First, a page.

According to the World Bank and the International Monetary Fund, Brazil has the eighth-largest economy in terms of exchange rate value and the seventh largest in terms of purchasing power parity. It is the fifth-biggest country in the world, by both area and population, with a mixed economy and an abundance of natural resources, including oil. While Brazil does not have a long history of exporting oil, its more recent advances in offshore production have propelled it to become the world’s number-ten oil producer.
ExxonMobil, which makes premium-quality slideway oils like Mobil Vactra 2, has a long history of engagement in Brazil. In 1912, it was authorized as the Standard Oil Company of Brazil to set up operations for the distribution of oil products.
Following the discovery of oil in 1930, President Getúlio Vargas created the National Petroleum Council (NPC) in 1938 with the aim of exerting state control over this new industry. Further legislation in 1953 created the state-owned enterprise Petrobas, which was granted a monopoly for the exploration and production of hydrocarbons under the oversight of the NPC. Despite being accused of being overstaffed and inefficient, Petrobas managed to stay consistently profitable.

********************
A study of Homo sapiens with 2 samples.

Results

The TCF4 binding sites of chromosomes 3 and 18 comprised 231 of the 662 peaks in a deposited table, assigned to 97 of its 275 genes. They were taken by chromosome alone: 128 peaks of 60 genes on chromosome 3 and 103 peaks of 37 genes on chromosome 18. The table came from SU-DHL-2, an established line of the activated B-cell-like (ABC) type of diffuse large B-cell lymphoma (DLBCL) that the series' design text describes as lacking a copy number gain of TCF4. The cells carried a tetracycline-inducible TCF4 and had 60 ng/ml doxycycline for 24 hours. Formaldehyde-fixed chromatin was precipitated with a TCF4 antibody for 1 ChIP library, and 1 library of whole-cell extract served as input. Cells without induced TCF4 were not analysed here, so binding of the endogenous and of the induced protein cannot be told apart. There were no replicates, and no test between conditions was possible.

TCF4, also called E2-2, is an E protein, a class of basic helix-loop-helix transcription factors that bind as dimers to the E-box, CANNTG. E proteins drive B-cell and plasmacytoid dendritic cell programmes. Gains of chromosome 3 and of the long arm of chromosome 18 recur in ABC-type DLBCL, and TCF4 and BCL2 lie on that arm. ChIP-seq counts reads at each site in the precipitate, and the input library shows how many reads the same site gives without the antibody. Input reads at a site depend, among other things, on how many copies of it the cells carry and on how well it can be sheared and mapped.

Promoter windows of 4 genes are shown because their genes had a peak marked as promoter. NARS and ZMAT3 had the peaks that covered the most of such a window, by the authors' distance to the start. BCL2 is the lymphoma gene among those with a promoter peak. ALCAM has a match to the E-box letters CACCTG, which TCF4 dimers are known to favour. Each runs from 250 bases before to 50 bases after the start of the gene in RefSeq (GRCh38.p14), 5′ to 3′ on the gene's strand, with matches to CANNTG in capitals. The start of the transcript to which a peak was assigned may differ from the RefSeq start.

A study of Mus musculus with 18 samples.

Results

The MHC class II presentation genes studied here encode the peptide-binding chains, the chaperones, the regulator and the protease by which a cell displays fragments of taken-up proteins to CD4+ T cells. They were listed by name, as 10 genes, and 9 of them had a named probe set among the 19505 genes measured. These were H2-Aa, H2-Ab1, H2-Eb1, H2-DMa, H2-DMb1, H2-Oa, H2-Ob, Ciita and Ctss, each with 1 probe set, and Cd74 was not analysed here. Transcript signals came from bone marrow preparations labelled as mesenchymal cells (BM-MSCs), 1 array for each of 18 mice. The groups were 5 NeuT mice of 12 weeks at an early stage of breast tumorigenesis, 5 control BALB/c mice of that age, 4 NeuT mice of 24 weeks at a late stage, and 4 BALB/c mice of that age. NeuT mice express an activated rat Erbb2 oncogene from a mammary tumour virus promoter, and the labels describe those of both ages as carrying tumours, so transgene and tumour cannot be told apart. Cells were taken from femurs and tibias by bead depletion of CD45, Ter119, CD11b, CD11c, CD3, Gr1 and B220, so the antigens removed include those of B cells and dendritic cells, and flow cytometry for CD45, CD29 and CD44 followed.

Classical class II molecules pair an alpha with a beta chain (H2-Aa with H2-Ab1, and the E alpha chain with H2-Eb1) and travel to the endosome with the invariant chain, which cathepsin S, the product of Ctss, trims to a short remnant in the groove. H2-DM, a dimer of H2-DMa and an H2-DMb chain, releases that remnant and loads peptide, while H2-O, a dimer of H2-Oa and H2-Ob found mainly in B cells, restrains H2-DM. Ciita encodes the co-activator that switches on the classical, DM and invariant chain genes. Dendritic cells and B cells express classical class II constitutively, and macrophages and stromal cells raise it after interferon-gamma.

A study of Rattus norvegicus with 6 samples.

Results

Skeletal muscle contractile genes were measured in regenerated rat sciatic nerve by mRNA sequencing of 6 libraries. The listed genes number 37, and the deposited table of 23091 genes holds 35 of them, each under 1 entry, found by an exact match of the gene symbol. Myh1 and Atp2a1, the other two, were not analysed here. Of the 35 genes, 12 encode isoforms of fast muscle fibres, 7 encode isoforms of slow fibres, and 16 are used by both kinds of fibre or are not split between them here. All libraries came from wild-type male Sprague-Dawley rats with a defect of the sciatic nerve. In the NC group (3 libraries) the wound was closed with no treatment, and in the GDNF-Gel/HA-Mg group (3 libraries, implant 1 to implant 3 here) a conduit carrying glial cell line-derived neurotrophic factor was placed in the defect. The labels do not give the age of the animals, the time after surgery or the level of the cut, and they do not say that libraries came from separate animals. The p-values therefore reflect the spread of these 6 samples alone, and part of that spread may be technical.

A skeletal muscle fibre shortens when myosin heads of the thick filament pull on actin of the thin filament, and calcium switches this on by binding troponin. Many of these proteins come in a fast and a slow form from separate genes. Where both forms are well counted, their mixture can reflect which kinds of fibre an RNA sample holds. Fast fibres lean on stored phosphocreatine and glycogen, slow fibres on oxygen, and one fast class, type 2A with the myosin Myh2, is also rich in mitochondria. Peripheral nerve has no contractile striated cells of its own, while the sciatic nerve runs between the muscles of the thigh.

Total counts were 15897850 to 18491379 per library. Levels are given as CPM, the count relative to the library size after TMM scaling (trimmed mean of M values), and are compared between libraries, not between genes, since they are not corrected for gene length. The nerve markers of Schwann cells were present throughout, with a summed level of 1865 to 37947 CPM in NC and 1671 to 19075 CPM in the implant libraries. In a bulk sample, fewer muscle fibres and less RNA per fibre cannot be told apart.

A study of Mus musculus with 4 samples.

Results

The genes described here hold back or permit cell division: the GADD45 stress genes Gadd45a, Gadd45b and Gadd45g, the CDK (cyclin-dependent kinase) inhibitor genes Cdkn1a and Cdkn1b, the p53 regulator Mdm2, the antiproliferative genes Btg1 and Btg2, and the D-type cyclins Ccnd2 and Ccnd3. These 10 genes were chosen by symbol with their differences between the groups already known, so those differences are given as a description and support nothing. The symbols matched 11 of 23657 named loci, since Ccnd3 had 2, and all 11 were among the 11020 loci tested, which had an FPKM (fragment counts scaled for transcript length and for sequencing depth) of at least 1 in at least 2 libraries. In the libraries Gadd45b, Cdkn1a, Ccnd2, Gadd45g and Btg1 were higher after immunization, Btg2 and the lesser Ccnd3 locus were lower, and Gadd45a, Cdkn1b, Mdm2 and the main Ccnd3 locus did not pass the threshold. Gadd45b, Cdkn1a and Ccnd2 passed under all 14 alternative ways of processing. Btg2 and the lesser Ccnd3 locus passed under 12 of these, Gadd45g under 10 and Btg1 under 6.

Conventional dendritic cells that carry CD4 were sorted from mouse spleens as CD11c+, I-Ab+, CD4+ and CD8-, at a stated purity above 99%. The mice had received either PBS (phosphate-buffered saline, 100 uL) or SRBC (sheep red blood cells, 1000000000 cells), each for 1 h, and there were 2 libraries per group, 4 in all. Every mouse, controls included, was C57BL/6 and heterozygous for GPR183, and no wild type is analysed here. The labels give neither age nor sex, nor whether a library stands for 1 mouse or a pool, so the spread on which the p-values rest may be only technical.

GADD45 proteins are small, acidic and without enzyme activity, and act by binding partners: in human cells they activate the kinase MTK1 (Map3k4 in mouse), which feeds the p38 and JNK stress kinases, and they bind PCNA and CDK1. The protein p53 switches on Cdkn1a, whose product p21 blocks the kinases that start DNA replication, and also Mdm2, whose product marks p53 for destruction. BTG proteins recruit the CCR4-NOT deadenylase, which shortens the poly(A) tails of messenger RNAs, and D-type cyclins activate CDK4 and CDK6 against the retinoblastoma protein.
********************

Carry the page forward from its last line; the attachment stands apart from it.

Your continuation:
In 1961, Brazil was still a net importer of oil despite having sufficient refining capacity to meet domestic demand. In an effort to boost offshore exploration and production, Petrobas began to solicit assistance from foreign firms, leading to the first offshore field being discovered five years later.
Despite the find, Brazil was still a net importer when the 1973 and 1979 global oil crises hit. Efforts were made to launch projects in other countries, and foreign companies were even briefly allowed to explore within Brazil, yet nothing yielded results.
The turning point for Petrobas came in the 1980s when it invested heavily in research and development. Production soon rose, and by the 1990s, it became regarded as the world leader for deep and ultra-deep offshore exploration and production.
Since 2000, Brazil’s oil production has risen by an average of 5% a year. Petrobas also expects to produce 500,000 barrels per day from the Lula oil field by 2020, with production potentially reaching a million barrels a day, and other new discoveries are in development.
Despite recent corruption scandals regarding Petrobas, the country’s oil industry looks to have a promising future. In 2010–2014, almost two-thirds of the world’s deep water oil discoveries were made in Brazil.